The river is especially high this year, so the sluices were dumping huge quantities of water into the rocky gorge below the dam. We walked up there at one point and watched, awestruck, at the millions of gallons of water tearing through the gorge. In this picture, we’re standing three feet from certain death. Those smiles are fake.
At the put-in site, there’s a lot of old equipment lying along the banks, washed downriver, or left there by logging companies. This thing appears to be the front of an old boiler, but it reminded me of the entrance to some mysterious military installation.
We had three canoes and two kayaks. Everybody had to cross the raging torrent to get to the other side, where there was a nice, calm passage behind an island. Normally this time of year, the passage is dry. I know this doesn’t look like much of a torrent, but to a bunch of weekend softies like us, the two-foot standing waves were intimidating. I should mention that it wasn’t intimidating to everyone, but I’ll talk about that shortly.
Everyone made it across, and we enjoyed the thrust of the rushing current for the rest of the day, barely needing to paddle. Even better, there were no mosquitoes over the water.
Even in calm water, canoes can be unstable, so I was uncomfortable when I saw people engaging in risky behavior, such as this moment when my wife and J* applied suntan lotion to one another while slipping downriver at a good clip.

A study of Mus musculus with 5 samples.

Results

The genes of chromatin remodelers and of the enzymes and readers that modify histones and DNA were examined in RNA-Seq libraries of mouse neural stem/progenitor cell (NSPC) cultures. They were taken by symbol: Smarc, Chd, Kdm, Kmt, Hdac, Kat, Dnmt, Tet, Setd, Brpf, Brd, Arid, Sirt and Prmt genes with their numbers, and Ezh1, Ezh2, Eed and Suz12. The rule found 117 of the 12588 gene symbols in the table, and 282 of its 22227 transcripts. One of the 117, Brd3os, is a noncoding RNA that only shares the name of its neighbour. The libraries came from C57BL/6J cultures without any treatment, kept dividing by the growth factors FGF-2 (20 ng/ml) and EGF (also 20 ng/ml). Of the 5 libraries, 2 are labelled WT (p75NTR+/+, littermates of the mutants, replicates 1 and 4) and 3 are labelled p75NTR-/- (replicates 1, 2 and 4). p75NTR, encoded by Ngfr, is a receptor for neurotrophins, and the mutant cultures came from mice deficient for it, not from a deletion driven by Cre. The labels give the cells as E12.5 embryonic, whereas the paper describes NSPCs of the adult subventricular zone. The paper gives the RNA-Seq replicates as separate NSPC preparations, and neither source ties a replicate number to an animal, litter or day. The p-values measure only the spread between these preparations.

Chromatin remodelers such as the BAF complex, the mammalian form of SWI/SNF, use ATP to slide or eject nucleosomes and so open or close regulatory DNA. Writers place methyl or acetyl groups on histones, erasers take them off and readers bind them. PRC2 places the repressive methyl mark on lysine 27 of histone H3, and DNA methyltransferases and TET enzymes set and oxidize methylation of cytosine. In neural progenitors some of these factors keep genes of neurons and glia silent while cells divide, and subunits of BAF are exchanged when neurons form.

It came as no surprise to me that someone got dumped into the river. But I was surprised when it turned out to be me.
D* pulled over to the bank to show us a large rock that was covered in petroglyphs. I’d like to show you pictures of the petroglyphs, but I can’t. As we maneuvered to the bank, we got caught in a sudden current and the canoe started to go over. I realized in an instant that I could bail out and keep the canoe upright, or we could both go in the water. So I bailed.
As I came up sputtering, I felt my face to see if I had lost my glasses. Thank God they were still there, because I hadn’t brought a spare pair. My wife said, “Maybe you should put your camera in the canoe.” And I realized I still had it around my neck. That’s why I don’t have any pictures of the petroglyphs.
The next day, D* and my wife decided to take the kayaks to the base of the dam and shoot the current. D* nosed out into the rushing water and immediately went upside-down. My wife paddled over to him and helped him to shore, so nobody was hurt. But D* lost his glasses in the adventure, and didn’t have a spare pair at the camp.
Because he’s nearly as blind as I am, one of our other friends and I drove him home that night, which cost me another day in Maine. But I got to have lunch with an old friend in Boston. That was nice, but it cost me $22 to park for an hour and a half. Lunch in Maine is a lot cheaper and parking is free.